Congo Militias Take Fight to M23 Rebels

Casting his gaze far and wide from a hilltop in eastern Congo, warlord Janvier Karairi commands his forces in the battle against the feared M23 rebel group.

The self-proclaimed lieutenant general leads a militia called the Patriotic Alliance for a Free and Independent Congo (APCLS), mostly made up of fighters from the Hunde ethnic group, in a coalition dedicated to thwarting the M23’s advance.

The APCLS and other armed groups joined forces “to fight the aggressor,” Karairi, 60, told AFP reporters in his operational headquarters, a thatched hut in the Kitshanga region of North Kivu province.

Sporting a commando uniform, Karairi has spent more than a quarter century in the bush, including a spell fighting the M23 in 2012.

The Tutsi-led M23 is one of scores of armed groups active in the DRC’s volatile east, many of them legacies of two brutal wars in the late 20th century.

The M23 briefly occupied the provincial capital, Goma, that year before being beaten back in 2013.

It resumed fighting in late 2021, blaming the Congolese government for failing to honor a commitment to integrate its fighters into the army.

In recent months, the M23 has conquered part of Rutshuru territory near the borders with Uganda and Rwanda.

Congo accuses neighboring Rwanda of backing the rebels, who now lie about 20 kilometers (12 miles) north of Goma and have made gains farther west toward Masisi territory, Karairi’s stronghold.

That prompted the battle-hardened militia leader to take up arms against his old foes again, with his movement controlling much of the area.

“We continue to protect the population,” Karairi said at his headquarters in between phone calls to his troops on the ground. A silence descends every time he speaks.

Accompanying the veteran warrior was Heritier Ndagendange, who had just arrived from Goma with a heavy red bag that another militiaman carried on his head to present to the commander.

Ndagendange said it held ammunition he had brought from Goma after passing several checkpoints manned by the security forces on the road.

“We are rebels, we are good at finding weapons. The government doesn’t help us with anything in any case,” Karairi said.

He said his hundreds of combatants are unpaid volunteers motivated by the same desire to fight. “Our country will pay us when we finish the job,” he said.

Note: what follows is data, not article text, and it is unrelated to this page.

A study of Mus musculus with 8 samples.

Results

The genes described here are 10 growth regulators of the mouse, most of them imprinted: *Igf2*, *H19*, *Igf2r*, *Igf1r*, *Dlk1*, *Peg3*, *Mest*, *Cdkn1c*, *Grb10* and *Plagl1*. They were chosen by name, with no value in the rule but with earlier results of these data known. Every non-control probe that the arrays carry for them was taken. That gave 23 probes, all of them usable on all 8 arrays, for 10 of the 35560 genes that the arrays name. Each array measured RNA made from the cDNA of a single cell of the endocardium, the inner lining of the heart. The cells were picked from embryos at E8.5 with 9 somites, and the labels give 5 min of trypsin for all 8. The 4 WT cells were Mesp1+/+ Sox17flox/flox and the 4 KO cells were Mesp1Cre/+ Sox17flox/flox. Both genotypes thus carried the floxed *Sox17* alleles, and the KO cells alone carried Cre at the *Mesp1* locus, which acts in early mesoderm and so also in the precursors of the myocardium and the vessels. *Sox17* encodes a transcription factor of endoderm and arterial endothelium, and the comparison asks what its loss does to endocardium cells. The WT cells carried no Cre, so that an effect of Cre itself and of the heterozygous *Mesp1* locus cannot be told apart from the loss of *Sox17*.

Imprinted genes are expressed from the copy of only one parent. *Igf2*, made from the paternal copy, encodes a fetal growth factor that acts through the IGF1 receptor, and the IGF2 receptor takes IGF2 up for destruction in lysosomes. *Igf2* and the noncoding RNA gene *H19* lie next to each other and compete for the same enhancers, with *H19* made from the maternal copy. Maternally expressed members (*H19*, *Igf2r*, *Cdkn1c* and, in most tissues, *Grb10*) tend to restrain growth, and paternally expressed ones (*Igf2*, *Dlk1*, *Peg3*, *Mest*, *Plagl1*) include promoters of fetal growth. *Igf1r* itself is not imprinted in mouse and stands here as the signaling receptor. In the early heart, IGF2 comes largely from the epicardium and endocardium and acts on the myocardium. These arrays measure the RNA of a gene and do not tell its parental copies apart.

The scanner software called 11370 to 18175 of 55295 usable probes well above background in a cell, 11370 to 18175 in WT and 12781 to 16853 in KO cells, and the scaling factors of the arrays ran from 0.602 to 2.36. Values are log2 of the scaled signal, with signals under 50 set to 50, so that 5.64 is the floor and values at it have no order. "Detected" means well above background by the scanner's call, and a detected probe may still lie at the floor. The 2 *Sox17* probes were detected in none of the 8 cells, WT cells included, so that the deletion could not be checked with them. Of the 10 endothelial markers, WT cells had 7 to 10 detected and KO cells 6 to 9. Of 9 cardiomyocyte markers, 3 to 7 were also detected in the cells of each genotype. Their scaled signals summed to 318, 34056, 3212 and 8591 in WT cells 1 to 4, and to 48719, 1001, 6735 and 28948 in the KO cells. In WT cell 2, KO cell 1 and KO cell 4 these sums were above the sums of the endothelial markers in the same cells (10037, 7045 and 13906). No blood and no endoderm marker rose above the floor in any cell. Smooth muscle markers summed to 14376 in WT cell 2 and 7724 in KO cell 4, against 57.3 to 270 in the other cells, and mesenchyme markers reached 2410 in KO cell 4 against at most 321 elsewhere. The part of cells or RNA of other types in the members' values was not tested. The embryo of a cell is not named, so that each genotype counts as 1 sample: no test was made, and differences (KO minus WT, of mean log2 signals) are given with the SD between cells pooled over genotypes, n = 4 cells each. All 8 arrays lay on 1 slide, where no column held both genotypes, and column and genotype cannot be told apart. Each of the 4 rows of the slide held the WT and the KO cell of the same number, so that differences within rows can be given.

Baseme, a 25-year-old under his command, proudly declared that he was fighting for his country. His comrade Mwisha, 23, said he joined the movement “to stand in the way of the aggressors, Rwanda.”

An APCLS spokesman said the army’s withdrawal from certain key routes had allowed the M23 to make rapid gains.

Ndagendange said Congolese army officers had “betrayed” the cause, and this had forced the APCLS to intervene to stop the M23.

Human Rights Watch (HRW) published a report in October that claimed the Congolese army was collaborating with armed groups — some of which stand accused of rights abuses — in the campaign against the M23.

Among them are the Democratic Forces for the Liberation of Rwanda, a mainly Hutu group that includes some actors involved in the 1994 Rwanda genocide against the Tutsis.

HRW also said the leaders of several Congolese armed groups, including Karairi’s APCLS, met in May to forge a “patriotic” coalition.

The army and the APCLS say they do not fight alongside these militias.

But with a myriad of armed men patrolling the streets of Kitshanga, some in military uniform and others in civilian clothing, a young telephone seller who gave her name as Muhoza said she could no longer tell the difference between them.

“Here you don’t know who’s who. We’re living in total fear, with all these armed groups,” she whispered.

Two young Hunde villagers, returning from the fields, said they felt safe since the arrival of the APCLS in their settlement.

On the other hand, a Tutsi woman in Goma said she had to flee Kitshanga when “General Janvier” and his young fighters entered the town.